BizTimes asked the forecasters to provide answers to three questions.
If Congress does not raise the federal debt ceiling and defaults on the nation's debt, what will happen to the U.S. economy?
"A U.S. debt default, even technical default, has the potential to recreate the money market/liquidity debacle of 2008, but worse. This time around the government backstop of money market funds would be ineffective since the government itself would be the source of the crisis," said Jack Ablin, chief investment officer for BMO Private Bank.
"There also will be an immediate impact on the financial market: Interest rates and inflation will increase while the value of dollar will fall. We also will see a sell-out of Treasury Bonds. In addition, short-term yields could rise," said Abdur Chowdhury, Ph.D. and professor in the Department of Economics at Marquette University.
"Most likely, the government would prioritize its payments, and some creditors (defense contractors, road builders, etc.) would find that the government hasn't paid them on time. Many state and local governments are notoriously slow in paying. This reduces income and slows the economy," said Richard Marcus, Ph.D. and associate professor and chair of the Executive Committee, Finance, at the University of Wisconsin-Milwaukee.
"The moment we cross that threshold, I don't think you would see this immediate reaction from the economy. You obviously would have this psychological impact…but I think that's been going on for some time. There's already this sense that Washington, D.C., isn't working and so you're already starting to have that psychological impact," said William Delwiche, investment strategist at Milwaukee-based Robert W. Baird & Co. Inc.
“It's hard to know for certain, but an important stock market correction is likely. Consumer and business confidence would suffer. Direct Federal spending would remain limited. It's entirely possible that the economy could be thrown back into recession if the impasse lasts deep into the fourth quarter,” said Carl Tannenbaum, chief economist at Chicago-based Northern Trust Bank.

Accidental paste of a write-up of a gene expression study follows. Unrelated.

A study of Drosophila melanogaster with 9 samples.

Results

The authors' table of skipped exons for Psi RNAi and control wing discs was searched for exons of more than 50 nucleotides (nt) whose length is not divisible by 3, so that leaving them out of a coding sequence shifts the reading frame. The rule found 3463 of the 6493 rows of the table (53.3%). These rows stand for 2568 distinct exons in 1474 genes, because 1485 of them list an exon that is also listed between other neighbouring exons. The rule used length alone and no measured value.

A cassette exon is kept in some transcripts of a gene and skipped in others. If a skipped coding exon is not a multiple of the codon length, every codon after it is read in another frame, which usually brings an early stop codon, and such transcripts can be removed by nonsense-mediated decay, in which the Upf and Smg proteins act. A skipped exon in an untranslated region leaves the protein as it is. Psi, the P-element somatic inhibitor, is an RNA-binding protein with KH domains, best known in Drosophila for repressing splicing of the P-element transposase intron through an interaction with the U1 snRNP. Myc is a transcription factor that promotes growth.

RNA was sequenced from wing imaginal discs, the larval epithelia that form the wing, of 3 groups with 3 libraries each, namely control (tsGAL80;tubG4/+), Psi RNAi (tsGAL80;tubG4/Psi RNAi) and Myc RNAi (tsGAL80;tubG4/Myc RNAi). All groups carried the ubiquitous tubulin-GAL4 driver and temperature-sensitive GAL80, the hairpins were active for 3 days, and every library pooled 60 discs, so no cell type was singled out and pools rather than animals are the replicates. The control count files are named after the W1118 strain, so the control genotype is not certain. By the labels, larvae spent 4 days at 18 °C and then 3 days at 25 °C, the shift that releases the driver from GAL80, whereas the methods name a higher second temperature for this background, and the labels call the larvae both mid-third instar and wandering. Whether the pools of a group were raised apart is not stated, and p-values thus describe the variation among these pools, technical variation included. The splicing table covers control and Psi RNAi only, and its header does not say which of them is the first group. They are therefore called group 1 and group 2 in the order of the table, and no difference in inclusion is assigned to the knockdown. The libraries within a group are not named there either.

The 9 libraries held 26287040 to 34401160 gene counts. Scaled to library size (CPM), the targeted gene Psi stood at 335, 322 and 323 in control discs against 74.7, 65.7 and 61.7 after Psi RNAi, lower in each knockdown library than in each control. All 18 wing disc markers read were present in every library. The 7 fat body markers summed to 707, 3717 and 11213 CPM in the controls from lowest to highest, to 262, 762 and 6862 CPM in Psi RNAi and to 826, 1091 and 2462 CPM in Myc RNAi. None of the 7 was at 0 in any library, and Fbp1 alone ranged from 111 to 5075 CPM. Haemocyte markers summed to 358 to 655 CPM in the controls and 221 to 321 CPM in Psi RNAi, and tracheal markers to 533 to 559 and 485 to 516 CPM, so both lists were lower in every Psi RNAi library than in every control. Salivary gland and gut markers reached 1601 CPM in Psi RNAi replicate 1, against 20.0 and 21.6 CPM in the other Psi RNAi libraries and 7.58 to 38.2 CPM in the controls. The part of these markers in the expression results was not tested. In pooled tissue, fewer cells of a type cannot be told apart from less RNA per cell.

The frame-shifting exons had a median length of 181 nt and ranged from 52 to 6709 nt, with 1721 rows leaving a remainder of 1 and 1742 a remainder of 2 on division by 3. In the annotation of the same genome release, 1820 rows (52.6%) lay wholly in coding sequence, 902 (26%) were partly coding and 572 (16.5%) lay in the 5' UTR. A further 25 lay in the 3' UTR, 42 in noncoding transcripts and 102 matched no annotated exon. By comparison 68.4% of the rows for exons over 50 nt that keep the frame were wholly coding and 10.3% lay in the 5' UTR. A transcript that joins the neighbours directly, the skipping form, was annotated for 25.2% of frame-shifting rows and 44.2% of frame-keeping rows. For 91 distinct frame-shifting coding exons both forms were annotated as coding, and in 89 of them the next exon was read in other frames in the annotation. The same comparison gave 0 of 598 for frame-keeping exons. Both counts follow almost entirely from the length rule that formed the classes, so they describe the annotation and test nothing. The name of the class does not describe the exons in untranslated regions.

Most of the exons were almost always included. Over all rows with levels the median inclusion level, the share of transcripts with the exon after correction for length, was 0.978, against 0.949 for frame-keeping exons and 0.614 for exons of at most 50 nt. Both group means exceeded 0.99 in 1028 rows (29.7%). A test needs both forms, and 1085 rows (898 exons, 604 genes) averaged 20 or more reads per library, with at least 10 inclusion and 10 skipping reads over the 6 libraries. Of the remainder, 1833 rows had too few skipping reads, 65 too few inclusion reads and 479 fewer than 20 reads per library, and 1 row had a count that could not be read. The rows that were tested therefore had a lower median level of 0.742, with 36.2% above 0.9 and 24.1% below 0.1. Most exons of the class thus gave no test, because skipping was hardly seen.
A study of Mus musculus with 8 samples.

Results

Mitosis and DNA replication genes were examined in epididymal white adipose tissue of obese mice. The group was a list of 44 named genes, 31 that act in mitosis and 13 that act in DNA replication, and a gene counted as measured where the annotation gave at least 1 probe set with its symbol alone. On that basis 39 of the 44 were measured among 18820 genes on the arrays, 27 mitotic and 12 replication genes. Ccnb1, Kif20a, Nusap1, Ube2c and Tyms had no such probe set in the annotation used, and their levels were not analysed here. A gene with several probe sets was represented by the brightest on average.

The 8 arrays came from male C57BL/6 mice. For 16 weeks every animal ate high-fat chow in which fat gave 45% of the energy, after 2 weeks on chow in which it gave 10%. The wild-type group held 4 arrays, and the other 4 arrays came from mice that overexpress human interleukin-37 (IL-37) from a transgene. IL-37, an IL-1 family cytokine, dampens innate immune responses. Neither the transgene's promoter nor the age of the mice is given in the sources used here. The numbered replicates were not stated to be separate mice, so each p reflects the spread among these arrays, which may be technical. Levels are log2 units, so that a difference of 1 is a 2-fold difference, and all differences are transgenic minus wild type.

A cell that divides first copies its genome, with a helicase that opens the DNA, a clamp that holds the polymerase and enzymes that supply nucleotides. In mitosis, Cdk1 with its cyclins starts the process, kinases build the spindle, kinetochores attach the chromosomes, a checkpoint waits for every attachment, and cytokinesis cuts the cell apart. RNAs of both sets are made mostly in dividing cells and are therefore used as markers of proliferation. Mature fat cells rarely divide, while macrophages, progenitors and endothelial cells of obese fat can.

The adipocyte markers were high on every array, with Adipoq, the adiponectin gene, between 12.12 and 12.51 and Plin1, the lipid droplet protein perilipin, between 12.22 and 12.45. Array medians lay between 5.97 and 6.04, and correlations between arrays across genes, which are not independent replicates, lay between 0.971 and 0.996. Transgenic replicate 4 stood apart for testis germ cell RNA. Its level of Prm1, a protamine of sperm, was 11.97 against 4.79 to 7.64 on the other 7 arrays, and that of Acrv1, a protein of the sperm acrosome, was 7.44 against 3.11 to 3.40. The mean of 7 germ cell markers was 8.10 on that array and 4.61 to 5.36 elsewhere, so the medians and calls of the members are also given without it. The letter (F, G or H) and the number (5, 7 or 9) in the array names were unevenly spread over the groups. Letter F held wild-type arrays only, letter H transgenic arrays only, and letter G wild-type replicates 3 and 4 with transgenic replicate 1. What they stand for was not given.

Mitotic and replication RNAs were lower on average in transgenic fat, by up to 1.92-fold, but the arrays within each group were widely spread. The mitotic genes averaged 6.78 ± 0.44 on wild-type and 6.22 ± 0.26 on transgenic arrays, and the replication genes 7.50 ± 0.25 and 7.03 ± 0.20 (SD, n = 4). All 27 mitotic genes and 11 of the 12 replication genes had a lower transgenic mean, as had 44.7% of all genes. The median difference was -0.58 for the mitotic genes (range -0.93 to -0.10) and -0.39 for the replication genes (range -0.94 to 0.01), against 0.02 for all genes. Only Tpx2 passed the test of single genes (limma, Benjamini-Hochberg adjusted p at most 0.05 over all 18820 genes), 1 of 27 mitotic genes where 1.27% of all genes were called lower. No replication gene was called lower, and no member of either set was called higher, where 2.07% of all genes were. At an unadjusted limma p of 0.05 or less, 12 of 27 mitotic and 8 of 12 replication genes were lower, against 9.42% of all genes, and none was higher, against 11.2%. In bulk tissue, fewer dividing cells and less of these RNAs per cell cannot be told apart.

If Congress does not raise the federal debt ceiling and defaults on the nation's debt, what will happen to the U.S. stock market?
"The stock market would likely crash in response to a government default. While the market crashed in 2008-2009, it was the Federal Reserve's quantitative easing program that turned momentum around. The Fed would still be able to buy Treasury securities, but a debt limit would mean the government would soon be insolvent, since it currently spends about $500 billion more than it takes in on an annual basis," Ablin said.
"There also will be an immediate impact on the financial market: Interest rates and inflation will increase while the value of dollar will fall. We also will see a sell-out of Treasury Bonds. In addition, short-term yields could rise," Chowdhury said.
"A default that both raises interest rates and slows the economy will lower stock prices. The amount is a function of how prolonged the disturbance is," Marcus said.
"There I think you get a more immediate reaction. (Policy makers are) going to react to what they see in the market — they can't react to the economic effects because those are so hard to see," Delwiche said.
“See above. So far, the stock market has been taking things in reasonable stride, under the assumption that the situation would be resolved before room underneath the debt ceiling is exhausted. A 10- to 15-percent correction is certainly possible,” Tannenbaum said.
If Congress does not raise the federal debt ceiling and defaults on the nation's debt, will the U.S. economy fall into another recession?
"The dramatic reduction in government operations and the unintended impacts would undoubtedly plunge the U.S. economy into recession. Without government borrowing, it would be a recession from which emerging would be extremely difficult," Ablin said.
"Should a default on debt occur, the results could be severe enough to push the U.S. economy into a recession," Chowdhury said.
"Most likely yes…With an already slow economy, my expectation is that not extending the debt ceiling produces a mild recession. The issue will be if this is a prolonged disturbance or temporary," Marcus said.
"No. I don't think that the risk of recession's real high right now. The truth of the matter is that government spending is relatively low in terms of the overall size of the economy. There's still activity that's happening and will continue to happen," Delwiche said.
“The good news is that economic momentum, both in the U.S. and overseas, has been gathering. Our forecast calls for growth of around 2.5 percent this quarter, assuming that we get a better case outcome from Washington. The bad news is that the economy is still fragile, weaker than it was when the government was shut down for an extended period in 1995. If we go ahead and default, I would put the odds of recession at 20 percent or so,” Tannenbaum said.
Editor's note: BizTimes sent this survey out to additional economic forecasters, and this story will be updated with additional reaction as it becomes available throughout the day.